Poor John McCain. He must be asking himself, "How am I supposed to follow that?"
That, of course, is Barack Obama's rousing appearance at the NAACP convention in Cincinnati Monday night. When McCain delivers his own speech to the nation's oldest and largest civil rights organization on Wednesday morning, the ovation Obama triggered may still be resounding in the hall.
McCain's speech will be politics.
Obama's was history.
It was history, not so much for what he said, but for who he is and the audience he was addressing.
It was history because he is the first black presidential nominee of a major political party to address the country's most significant black organization.
It was history because he acknowledged his debt to " those who marched for us and fought for us and stood up on our behalf," including the NAACP.
And because he vowed, that, if all goes well, "I will come back here next year on the 100th anniversary of the NAACP, and I will stand before you as the President of the United States of America."
If those had been the only words Obama uttered last night, they would have been enough.
The audience was there to savor history and they got what they came for.
It did not seem to matter that most of Obama's text was thoroughly familiar or that he delivered it in a distracted style that suggested that his mind was somewhere else. He may have been caught up in the moment.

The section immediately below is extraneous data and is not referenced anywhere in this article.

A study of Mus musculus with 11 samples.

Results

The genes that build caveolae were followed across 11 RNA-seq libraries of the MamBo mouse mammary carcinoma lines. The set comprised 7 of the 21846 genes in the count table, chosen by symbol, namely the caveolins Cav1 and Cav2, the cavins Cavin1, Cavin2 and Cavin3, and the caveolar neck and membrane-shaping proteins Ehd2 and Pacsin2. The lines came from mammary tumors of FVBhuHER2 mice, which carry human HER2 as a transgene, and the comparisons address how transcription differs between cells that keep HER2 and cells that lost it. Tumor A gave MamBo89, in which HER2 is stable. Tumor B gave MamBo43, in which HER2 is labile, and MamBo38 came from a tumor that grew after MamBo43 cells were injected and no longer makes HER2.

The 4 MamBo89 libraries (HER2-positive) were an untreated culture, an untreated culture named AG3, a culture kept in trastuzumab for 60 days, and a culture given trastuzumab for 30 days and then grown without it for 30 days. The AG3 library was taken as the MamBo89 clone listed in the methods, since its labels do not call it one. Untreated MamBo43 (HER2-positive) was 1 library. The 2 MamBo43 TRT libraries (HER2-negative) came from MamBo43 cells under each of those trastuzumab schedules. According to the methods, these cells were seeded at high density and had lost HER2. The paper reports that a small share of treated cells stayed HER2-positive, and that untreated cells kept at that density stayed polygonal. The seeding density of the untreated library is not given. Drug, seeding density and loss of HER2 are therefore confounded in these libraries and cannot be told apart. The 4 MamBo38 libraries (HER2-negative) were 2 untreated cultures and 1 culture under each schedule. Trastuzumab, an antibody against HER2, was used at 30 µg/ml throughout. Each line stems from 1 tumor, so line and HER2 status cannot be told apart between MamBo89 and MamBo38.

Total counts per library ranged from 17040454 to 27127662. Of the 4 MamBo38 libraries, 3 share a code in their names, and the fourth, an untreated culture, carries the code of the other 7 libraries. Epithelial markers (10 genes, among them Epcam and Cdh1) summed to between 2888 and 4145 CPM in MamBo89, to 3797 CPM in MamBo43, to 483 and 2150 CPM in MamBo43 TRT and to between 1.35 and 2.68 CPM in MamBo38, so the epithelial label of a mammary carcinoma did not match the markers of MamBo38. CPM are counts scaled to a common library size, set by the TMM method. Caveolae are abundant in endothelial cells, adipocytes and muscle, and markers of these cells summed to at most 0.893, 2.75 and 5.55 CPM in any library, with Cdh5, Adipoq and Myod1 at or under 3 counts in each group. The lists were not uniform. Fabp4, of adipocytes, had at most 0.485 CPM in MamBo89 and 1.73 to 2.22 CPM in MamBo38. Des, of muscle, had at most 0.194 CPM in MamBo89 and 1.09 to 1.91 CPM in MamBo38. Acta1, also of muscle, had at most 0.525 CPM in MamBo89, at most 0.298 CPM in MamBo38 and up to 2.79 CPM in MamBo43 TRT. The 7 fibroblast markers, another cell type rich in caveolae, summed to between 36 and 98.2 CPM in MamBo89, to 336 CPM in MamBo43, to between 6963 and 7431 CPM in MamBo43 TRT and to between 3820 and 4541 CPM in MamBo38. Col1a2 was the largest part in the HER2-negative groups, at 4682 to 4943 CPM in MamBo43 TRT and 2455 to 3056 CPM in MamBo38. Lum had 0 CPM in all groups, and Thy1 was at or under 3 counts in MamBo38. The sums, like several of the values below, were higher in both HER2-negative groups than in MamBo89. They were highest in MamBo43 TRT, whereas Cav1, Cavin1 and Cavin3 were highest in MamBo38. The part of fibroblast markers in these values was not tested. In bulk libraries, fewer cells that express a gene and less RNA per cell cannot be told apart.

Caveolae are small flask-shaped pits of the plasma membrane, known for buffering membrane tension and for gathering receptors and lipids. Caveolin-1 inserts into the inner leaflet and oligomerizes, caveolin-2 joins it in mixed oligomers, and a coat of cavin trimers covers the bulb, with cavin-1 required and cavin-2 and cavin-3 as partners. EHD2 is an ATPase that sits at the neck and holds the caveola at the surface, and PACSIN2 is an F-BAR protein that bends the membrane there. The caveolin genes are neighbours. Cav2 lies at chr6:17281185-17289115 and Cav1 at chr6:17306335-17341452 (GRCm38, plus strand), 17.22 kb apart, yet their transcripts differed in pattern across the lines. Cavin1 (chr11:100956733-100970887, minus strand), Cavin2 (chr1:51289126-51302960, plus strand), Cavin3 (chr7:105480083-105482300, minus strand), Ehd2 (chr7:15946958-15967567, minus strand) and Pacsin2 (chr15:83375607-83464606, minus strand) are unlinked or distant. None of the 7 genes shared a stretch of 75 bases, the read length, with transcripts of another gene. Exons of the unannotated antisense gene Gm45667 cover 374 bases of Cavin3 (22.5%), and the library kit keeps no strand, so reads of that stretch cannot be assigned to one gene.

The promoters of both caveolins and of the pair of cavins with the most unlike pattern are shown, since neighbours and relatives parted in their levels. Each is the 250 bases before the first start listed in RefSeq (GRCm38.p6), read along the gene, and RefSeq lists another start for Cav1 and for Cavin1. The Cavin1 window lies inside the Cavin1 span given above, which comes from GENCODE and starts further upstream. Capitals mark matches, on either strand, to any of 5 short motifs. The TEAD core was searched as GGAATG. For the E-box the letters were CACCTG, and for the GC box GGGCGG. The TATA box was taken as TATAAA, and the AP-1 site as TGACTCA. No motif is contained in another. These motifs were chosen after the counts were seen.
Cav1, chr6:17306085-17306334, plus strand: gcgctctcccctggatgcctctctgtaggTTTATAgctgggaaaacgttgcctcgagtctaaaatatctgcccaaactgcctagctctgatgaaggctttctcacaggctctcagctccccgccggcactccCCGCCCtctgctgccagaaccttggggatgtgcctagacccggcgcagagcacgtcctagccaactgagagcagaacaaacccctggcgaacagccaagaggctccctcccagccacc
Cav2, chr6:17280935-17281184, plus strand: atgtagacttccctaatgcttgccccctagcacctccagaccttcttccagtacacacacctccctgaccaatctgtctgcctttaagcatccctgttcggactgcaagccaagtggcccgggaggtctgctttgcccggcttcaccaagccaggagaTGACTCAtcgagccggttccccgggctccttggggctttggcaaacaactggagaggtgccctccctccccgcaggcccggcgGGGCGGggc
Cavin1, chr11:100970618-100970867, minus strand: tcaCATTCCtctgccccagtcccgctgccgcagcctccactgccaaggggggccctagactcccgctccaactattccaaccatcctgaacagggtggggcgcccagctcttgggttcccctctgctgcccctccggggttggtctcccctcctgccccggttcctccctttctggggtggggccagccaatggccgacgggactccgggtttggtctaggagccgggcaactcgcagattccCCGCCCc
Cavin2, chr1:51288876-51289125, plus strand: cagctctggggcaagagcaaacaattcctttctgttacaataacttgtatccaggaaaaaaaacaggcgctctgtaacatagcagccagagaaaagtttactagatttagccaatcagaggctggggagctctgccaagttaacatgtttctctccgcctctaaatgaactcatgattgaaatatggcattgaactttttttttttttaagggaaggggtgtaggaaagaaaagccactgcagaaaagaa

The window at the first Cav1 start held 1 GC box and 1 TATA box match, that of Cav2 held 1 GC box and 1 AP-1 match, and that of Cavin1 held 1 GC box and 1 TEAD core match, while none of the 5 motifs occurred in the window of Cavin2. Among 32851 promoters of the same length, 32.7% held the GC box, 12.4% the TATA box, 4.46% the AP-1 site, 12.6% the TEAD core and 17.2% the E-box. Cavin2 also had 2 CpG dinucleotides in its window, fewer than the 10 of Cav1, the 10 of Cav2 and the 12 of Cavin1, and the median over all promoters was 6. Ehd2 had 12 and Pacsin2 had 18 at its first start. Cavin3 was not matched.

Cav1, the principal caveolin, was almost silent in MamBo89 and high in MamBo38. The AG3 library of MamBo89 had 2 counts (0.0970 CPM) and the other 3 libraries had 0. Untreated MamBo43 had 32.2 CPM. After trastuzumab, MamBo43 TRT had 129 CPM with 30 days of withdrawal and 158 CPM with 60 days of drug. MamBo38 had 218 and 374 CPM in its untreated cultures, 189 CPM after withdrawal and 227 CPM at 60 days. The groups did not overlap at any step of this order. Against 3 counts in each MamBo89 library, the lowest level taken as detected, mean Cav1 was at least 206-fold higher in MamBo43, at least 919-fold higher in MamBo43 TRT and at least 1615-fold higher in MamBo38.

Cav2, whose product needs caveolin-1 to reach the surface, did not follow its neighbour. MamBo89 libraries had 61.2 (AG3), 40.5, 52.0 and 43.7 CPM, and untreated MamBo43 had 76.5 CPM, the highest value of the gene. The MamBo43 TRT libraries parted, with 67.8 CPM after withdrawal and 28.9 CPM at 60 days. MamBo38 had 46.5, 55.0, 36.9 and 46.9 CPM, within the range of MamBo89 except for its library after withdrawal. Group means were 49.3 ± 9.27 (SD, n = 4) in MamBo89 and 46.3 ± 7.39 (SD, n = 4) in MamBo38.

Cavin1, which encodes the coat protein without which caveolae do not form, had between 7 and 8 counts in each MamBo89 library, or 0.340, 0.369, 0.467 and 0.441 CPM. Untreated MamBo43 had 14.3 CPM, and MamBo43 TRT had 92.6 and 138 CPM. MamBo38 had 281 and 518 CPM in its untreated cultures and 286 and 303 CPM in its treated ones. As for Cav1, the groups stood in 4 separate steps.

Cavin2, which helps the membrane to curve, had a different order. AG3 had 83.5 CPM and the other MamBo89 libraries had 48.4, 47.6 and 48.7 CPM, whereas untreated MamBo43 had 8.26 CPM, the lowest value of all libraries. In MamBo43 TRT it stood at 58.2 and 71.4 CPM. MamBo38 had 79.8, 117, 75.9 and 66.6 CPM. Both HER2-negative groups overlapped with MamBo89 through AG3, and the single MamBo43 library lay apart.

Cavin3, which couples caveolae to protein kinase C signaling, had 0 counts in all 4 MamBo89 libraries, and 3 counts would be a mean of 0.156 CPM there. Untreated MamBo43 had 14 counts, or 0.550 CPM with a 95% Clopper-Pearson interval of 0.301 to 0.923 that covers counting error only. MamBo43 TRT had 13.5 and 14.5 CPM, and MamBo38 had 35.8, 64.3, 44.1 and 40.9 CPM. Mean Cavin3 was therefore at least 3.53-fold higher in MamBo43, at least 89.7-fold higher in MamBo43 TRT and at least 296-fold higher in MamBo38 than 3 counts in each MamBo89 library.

Or he might have been pre-occupied with his upcoming trip to Europe and the Middle East, and the major address he will give in Washington on Tuesday about how he plans to extricate U.S. forces from Iraq.
For the most gifted political orator of our day, even an off-night is a good night.
On the heels of Jesse Jackson's crudely worded threat to emasculate him for "talking down to black people," Obama seemed to rebuke the old civil rights leader by reiterating his tough message about the need for blacks to take more personal responsibility for their children.
"I know some say I've been too tough on folks about this responsibility stuff. But I'm not going to stop talking about it, " Obama thundered, "because I know that Thurgood Marshall did not argue Brown v. Board of Education so that some of us could stop doing our jobs as parents."
He conceded that "just electing me president doesn't mean our work is over." It includes revising the tax code to reverse the flow of jobs to overseas, rebuilding schools and paying teachers more so that every American gets a "world-class education," creating a new health care system so that everyone who wants health insurance can obtain it at a price they can afford. He knows that NAACP chairman Julian Bond is right when he says that Obama's candidacy does not "herald a post-civil rights America any more than his victory in November will mean that race as an issue has been vanquished in America."
But Monday night was not a time for mere details that will soon be swept away in the rough and tumble of a bruising political campaign or to be reminded of unsettling truths.
It was a time for exaltation, of family and unity.
What mattered on Monday night is that, in a sense, Barack Obama came home to black America and black America reaffirmed him as its champion.
The rest, as they say, is history.
Jack White teaches at Virginia Commonwealth University.
is a former columnist for TIME magazine and a regular contributor to The Root.